Philip II Augustus

Philip II Augustus, king of France (r. 1180–1223), was, born in 1165, to Louis VII (1137–80) and his third wife, Adèle of Champagne, near Paris. Following the custom of the Capetian dynasty, Louis had young Philip crowned at Reims cathedral as his successor while he was still alive on November 1, 1179.

With the old king’s health quickly declining, the young crowned prince assumed much of the responsibility of running the royal government. In September of the following year when Louis died, Philip became king in his own right.

Philip faced formidable obstacles to his authority in France. His father had been dominated at court by his wife, Adèle, and her three powerful brothers, the counts of Blois and Champagne, and the archbishop of Reims.

Moreover the basis for power in 12th century feudal France was land, and the territory of the Capetian monarchy was limited to a number of modest holdings around the region of the Île-de-France, which centered on Paris.


But those of Philip’s most powerful vassal, Henry Plantagenet, included the duchies of Normandy, Maine, Anjou, and Brittany. Through his wife, Eleanor of Aquitaine, Henry also held the duchy of Aquitaine as well as Tourraine and Gascony.

Together, they made up more than half of the territory of medieval France and far outstripped the holdings of the French king. The fact that Henry was also king of England (1154–89) further diminished the ability of either Louis or Philip to exercise meaningful control over Henry as lord of his French holdings.

Philip began to lay the groundwork for the resurgence of royal power in France through his marriage to Isabelle d’Hainault in April 1180, through which he acquired the wealthy county of Artois, near Flanders.

Through Isabelle he was able to lay further claims to lands and towns in northeastern France. By 1186 Philip had rid himself of his troublesome uncles and secured control over a widening area of royal lands.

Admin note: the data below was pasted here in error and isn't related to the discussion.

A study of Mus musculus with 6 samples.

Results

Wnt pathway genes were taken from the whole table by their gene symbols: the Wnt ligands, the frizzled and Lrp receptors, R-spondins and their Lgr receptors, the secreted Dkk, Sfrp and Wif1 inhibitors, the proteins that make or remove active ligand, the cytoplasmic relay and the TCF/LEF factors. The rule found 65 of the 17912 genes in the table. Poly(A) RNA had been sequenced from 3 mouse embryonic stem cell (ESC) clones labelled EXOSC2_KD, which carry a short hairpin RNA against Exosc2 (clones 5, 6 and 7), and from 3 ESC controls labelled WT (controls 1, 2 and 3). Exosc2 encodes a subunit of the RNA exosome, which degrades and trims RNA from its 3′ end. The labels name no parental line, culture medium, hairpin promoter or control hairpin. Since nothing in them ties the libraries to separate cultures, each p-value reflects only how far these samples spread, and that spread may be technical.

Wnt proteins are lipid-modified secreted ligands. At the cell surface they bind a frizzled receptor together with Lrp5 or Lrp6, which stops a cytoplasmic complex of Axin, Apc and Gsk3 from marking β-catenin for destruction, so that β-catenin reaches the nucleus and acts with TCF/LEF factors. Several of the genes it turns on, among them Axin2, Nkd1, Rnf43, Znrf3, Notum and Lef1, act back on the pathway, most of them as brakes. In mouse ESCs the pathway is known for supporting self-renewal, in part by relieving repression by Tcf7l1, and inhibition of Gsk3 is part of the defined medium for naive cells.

However his most obstreperous vassal remained Henry II of England with his vast territorial holdings in western France. From 1186 to 1188 Philip achieved little success on the battlefi eld against Henry but was more successful when allied with Henry’s two sons, Richard and John, in their revolt against the king in 1189.

Defeated shortly before his death in July 1189, Henry made several minor territorial concessions to Philip. Inheriting his father’s lands in France upon becoming king of England Richard I (r. 1189–99) proved as intractable a foe as had Henry II.

The lengths to which Philip would go to defeat his antagonist are revealed by his behavior during and after the Third Crusade, in which both he and Richard participated.

Leaving France together in 1190, the two quarreled along the way and proved uneasy allies during the siege of Acre. After the city fell in July 1191, Philip quickly abandoned Richard and headed home.

Returning to France, he intrigued against the English king and was instrumental in having Richard held captive by the German Emperor Henry IV when he fell into the emperor’s hands while returning from the crusade. Outright hostilities between the two recommenced upon Richard’s release in 1194.

With the ascension of John I to the English throne (1189–1216) Philip’s fortune improved dramatically. By 1206 he had succeeded in wrestling control of Normandy, Maine, Tourraine, Anjou, Poitou, and Brittany from John, leaving him only in possession of Aquitaine.

Acre fell to Philip II and Richard I
Acre fell to Philip II and Richard I

A major attempt by John to recapture his lost territories with the German Emperor Otto IV as ally was repulsed in 1214, ensuring Philip’s position as the dominant feudal lord and most powerful landholder in France.

Philip showed a keen disposition for administrative affairs. He created a new class of royal officials, the baillis, who collected taxes and administered royal justice in his newly acquired lands.

To ensure loyalty these officials were recruited from the townsmen and lower nobles of the realm and were paid a salary. In the south these officials were called seneschals, and because they wielded military powers, they came from the nobility.

Philip further developed the royal administration by giving it a permanent home in Paris and having his treasury perform an annual audit on the baillis. Crucial in Philip’s ability to control his vassals was his growing alliance with the burghers, whose talent and taxes he exploited.

The growth in royal revenues enabled the king to employ mercenaries in place of the feudal levy, further diminishing his reliance upon the nobles. Taken together Philip’s actions turned the Capetian ruler into the most powerful feudal monarch of his day and laid the framework for the future growth of royal power.